My Mother Bids Me Bind My Hair by Joseph Haydn Analysis

Publishing this piece in 1794, Haydn was one of the most famous composers in Europe. ‘My Mother Bids Me Bind My Hair’ comes from the first set of six canzonettas (short songs). Many folk songs such as this are typical of the High Classical ‘public’ style where the key is in A major, there are balanced phrases, diatonic, has modulation close to related keys, has use of the forte piano, melody dominated homophony, and the use of a second inversion cadence. Below is a complete analysis of Haydn’s piece. Feel free to skip to the parts most relevant to you.

Haydn as a Composer

  • He was nicknamed the ‘Father of the Symphony’ from the way he lived the whole way through the Classical era and wrote 104 symphonies.
  • By around the 1790s he was recognised as one of the leading composers of the day.
  • The ‘London’ symphonies which he created when he travelled to England were the last 12 symphonies he ever wrote.
  • He met a poet, Anne Hunter, who he set some of her poems to music as ‘Six Original Canzonettas’ (little songs) in 1794.
  • The second of this original canzonettas was called ‘A Pastoral Song’. However, it much wider known by the first line of the text, ‘My Mother Bids Me Bind My Hair‘.
  • During this period, women were expected to entertain by singing and playing the piano. It is clear Haydn has aimed at this market from the simple structure and graceful melodies in My Mother Bids Me Bind My Hair.

Strophic Form

The exact same music is used for each verse. This is known as strophic form.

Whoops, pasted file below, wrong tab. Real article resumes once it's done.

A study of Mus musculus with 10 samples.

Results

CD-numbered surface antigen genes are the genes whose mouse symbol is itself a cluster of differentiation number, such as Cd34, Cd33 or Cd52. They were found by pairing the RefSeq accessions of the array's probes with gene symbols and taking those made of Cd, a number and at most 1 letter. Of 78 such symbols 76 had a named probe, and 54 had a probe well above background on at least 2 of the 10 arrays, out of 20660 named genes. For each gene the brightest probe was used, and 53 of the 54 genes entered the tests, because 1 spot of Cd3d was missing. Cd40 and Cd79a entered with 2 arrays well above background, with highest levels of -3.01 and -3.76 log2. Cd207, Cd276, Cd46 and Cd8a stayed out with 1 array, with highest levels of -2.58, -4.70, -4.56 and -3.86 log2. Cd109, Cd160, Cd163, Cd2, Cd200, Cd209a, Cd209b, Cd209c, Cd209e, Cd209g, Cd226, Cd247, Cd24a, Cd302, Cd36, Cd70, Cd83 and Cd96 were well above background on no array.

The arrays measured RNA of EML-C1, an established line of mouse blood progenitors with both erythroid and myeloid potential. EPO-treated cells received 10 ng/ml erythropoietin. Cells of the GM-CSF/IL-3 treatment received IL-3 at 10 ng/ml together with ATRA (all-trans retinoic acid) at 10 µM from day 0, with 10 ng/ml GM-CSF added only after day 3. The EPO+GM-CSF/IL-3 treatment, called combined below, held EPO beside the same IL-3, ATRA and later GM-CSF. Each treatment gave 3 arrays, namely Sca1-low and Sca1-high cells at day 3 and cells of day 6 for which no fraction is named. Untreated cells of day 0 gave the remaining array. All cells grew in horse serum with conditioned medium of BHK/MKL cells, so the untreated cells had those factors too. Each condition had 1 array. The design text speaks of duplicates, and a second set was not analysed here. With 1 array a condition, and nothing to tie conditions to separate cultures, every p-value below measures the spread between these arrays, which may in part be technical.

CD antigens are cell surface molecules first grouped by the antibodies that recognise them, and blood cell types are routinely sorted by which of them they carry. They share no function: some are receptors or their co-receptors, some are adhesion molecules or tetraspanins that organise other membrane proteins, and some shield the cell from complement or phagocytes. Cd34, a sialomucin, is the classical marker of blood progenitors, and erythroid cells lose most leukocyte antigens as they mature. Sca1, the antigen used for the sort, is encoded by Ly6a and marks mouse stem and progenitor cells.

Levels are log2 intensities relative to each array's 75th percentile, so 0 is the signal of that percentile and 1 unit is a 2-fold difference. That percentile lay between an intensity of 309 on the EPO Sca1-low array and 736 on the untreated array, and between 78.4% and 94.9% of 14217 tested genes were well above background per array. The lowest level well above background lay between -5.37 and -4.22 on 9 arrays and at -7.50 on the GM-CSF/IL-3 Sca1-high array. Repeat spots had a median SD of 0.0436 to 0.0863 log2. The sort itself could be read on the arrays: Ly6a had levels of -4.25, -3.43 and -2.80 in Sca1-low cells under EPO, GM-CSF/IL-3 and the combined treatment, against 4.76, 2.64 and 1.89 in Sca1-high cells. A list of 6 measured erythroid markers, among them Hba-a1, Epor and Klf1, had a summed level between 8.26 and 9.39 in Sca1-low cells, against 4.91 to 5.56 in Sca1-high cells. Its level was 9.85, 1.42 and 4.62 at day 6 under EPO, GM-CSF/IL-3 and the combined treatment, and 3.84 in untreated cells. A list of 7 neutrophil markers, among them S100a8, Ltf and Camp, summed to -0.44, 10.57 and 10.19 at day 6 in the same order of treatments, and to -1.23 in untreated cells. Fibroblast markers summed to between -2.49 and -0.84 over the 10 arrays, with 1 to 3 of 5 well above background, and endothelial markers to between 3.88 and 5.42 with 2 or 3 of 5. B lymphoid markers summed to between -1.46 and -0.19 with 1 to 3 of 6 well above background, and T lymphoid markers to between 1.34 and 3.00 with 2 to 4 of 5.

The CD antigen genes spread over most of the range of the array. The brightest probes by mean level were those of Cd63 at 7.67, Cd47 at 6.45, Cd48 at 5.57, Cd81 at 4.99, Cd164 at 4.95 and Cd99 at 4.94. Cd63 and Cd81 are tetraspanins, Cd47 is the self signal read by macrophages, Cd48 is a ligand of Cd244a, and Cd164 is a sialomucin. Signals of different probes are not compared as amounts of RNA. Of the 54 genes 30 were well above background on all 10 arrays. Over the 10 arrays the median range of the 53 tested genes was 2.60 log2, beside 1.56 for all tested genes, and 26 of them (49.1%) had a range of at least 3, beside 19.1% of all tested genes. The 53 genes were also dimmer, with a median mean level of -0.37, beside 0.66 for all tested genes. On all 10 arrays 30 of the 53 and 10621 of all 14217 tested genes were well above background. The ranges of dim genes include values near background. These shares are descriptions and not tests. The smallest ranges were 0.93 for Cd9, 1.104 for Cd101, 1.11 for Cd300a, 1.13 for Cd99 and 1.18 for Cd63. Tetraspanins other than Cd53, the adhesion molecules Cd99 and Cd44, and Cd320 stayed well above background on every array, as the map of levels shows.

How the Song was Intended for the Amateur Market

  • There is basic syllabic setting of the works.
  • The melody moves in steps (conjunct motion at ‘with bands of rosy hue’) and has the use of tonic triads (on ‘My Mother Bids’).
  • The vocal range is only once octave which is narrow.
  • An introduction is used to establish the key as well as reminding the singing the tune of the beginning.
  • The piano accompaniment frequently doubles/shadows the vocal melody.


  • The song is rarely melody dominated homophonic texture. It is more of a heterophonic texture
  • The piece in the key of A major.
  • There is periodic phrasing in the intro.
  • There is an imperfect cadence at bar 4 being C major. 
  • The song has thin texture of just two instruments.
  • There is a perfect cadence at the end of bar 8.
  • ‘My Mother Bids’ uses the tonic triad of A major. During this, the piano is doing the same which is known as shadowing or doubling.
  • Bar 11 has the vocal melody moving in step which is basic. 
  • On the word ‘hue’ there is a dissonant C sharp on B which is an example of a form of decoration: appoggiatura. This is a resolution.
  • There is an acciaccatura at bar 15 in the vocal melody line.
  • At bar 17, we modulate to the key of E major from the added D sharp.
  • The phrases continue in the form 5 bars, 4 bars, 2 bars and then back to normal. This makes clear how the phrases are more varied.
  • There is word painting at bar 23. The descending chromatic scale in the vocal melody line reflects the words of crying with tears going downwards (descending).
  • The texture is mostly heterophonic. There are remixes of the melody in the piano being played at the same time as the original.
  • Bar 30 has the modulation back to the tonic key of A major. The phrases are back to four bars long.
  • At bar 35, there are descending parallel 3rd chords.
  • The meter is compound duple.
  • Haydn compresses the four verses of Anne Hunter’s poem to just two verses.


  • The key is in A major modulates to E major.
  • The strophic form means verse 2 uses the exact music of verse 1. This doesn’t really work considering the lyrics are different (therefore the chromatic descending scale that reflects crying doesn’t match with the words.
  • There is the use of second inversion chords throughout.
  • The melody line always starts with a quaver.
  • Perfect cadences are used such as the one at the end of the piano introduction being Ic (tonic 2nd inversion), V7 (dominant 7th) and then chord I again.
  • The song is very much diatonic (uses the keys of the scale) but features moments of chromaticism.
  • There is the use of decoration in the melody line using appoggiaturas and acciaccaturas.
Be sure to check out other pieces I have analysed on Ask Will Online.